JOURNALIST • EDITOR • DIGITAL STORYTELLING
Santa Cruz Sentinel
WASHINGTON — Watsonville-based Granite Construction and a number of other construction partners have agreed to pay $4.6 million to settle allegations that they didn’t hire as many disadvantaged business enterprises on a light rail project in Minnesota than they said they had, according to the Justice Department.
“The Disadvantaged Business Enterprises program helps businesses owned by minorities and women work on federal construction projects,” said Tony West, assistant attorney for the U.S. Justice Department’s Civil Division. “Those who make misrepresentations in order to participate in this program and obtain federal funds take advantage both of the taxpayers and the businesses that the program is designed to assist.”
Granite has denied all allegations, saying it agreed to a settlement to avoid costly litigation.
“We categorically deny any wrongdoing,” said Jacque Fourchy, company spokeswoman. Fourchy called the DOJ allegations of impropriety “incorrect and irresponsible.”
The government claims were based on an investigation into the handling of the $330 million Hiawatha Corridor Light Rail project, an 11.6-mile light rail linking downtown Minneapolis to the Mall of America in Bloomington. It was conducted by the Minnesota Transit Constructors Inc., a joint venture that included Granite as lead, and C.S. McCrossan, and a number of subcontractors. Granite had about 56.5 percent interest in the project.
It was unclear how much of the settlement was Granite’s responsibility.
According to the Justice Department, the venture claimed “that materials and services for the project were provided by [Disadvantaged Business Enterprises], when in fact they were provided by non-DBE subcontractors and the DBEs were merely extra participants used to make it appear as if a DBE had performed the work.”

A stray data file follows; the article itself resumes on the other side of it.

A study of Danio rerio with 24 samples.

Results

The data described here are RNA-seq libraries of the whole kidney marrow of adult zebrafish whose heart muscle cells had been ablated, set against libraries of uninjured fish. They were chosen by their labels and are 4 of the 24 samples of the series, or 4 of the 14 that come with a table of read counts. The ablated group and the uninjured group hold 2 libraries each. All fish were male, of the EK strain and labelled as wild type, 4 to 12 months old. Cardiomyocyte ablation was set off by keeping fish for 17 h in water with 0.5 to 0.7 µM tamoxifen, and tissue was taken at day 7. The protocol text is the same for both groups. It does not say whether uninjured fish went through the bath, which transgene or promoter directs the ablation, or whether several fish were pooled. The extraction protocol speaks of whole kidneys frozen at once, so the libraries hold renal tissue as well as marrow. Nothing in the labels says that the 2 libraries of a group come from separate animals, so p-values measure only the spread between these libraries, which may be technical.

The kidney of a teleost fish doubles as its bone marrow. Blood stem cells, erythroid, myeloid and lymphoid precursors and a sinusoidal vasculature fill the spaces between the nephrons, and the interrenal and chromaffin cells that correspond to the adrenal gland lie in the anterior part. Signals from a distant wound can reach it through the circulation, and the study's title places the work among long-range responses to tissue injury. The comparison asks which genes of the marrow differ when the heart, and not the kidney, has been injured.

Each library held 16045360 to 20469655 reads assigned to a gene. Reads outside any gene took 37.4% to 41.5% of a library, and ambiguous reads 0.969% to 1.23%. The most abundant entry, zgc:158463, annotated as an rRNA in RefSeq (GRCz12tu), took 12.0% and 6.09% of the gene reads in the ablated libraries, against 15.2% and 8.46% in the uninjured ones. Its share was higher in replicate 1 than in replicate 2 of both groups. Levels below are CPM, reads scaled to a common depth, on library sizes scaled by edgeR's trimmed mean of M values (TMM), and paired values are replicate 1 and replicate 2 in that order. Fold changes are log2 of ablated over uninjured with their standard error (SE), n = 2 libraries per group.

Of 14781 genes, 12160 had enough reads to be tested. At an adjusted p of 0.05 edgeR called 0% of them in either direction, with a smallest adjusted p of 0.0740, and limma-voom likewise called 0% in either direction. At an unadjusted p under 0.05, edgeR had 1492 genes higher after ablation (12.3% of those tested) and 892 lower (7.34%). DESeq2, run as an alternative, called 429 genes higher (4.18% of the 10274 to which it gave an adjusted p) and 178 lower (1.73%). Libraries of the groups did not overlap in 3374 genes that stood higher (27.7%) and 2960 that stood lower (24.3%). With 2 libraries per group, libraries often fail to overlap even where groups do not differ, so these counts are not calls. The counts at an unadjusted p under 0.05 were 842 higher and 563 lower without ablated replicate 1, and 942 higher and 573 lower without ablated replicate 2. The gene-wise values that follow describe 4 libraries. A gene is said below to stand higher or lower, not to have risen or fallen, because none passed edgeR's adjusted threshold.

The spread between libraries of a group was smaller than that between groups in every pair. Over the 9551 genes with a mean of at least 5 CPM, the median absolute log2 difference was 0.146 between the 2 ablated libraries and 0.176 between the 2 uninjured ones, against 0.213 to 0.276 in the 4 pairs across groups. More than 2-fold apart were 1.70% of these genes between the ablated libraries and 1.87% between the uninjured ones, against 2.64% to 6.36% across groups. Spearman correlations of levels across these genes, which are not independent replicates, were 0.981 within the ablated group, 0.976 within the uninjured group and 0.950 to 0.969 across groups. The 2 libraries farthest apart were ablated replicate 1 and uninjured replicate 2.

“We’ve incurred over a million dollars in legal fees over these six years, so it was time to put it to bed,” Fourchy said. “We did not violate the law in the construction of this project and we take great pride in our commitment to ethics and compliance in the way we conduct our business.”
Granite received commendations for its Disadvantaged Business Enterprises efforts on the project by both the National Association of Minority Contractors and the Minnesota Department of Transportation, Fourchy said.
B. Todd Jones, U.S. attorney for the Minnesota district, said the settlement helps to correct an injustice.
“This violation of law is not acceptable and the Federal Transit Administration will remain vigilant in cracking down on unscrupulous behavior wherever it occurs,” said Peter Rogoff of the Federal Transit Administration.
He said the law is meant to “help level the playing field for small and disadvantaged businesses so they may continue to achieve success while strengthening our economy and our transit systems.”
Since January 2009, the Justice Department has recovered more than $7.5 billion in enforcing the False Claims Act.
Granite shares closed Wednesday up 39 cents at $18.22. Last week, shares dropped to a new 52-week low of $16.92.
Editor’s note: The following corrections was made to this article:
It was erroneously reported that Parsons Transportation Group was part of the joint venture under investigation. Parsons was not part of the investigation or settlement as announced by the DOJ and subsequently reported by the Sentinel.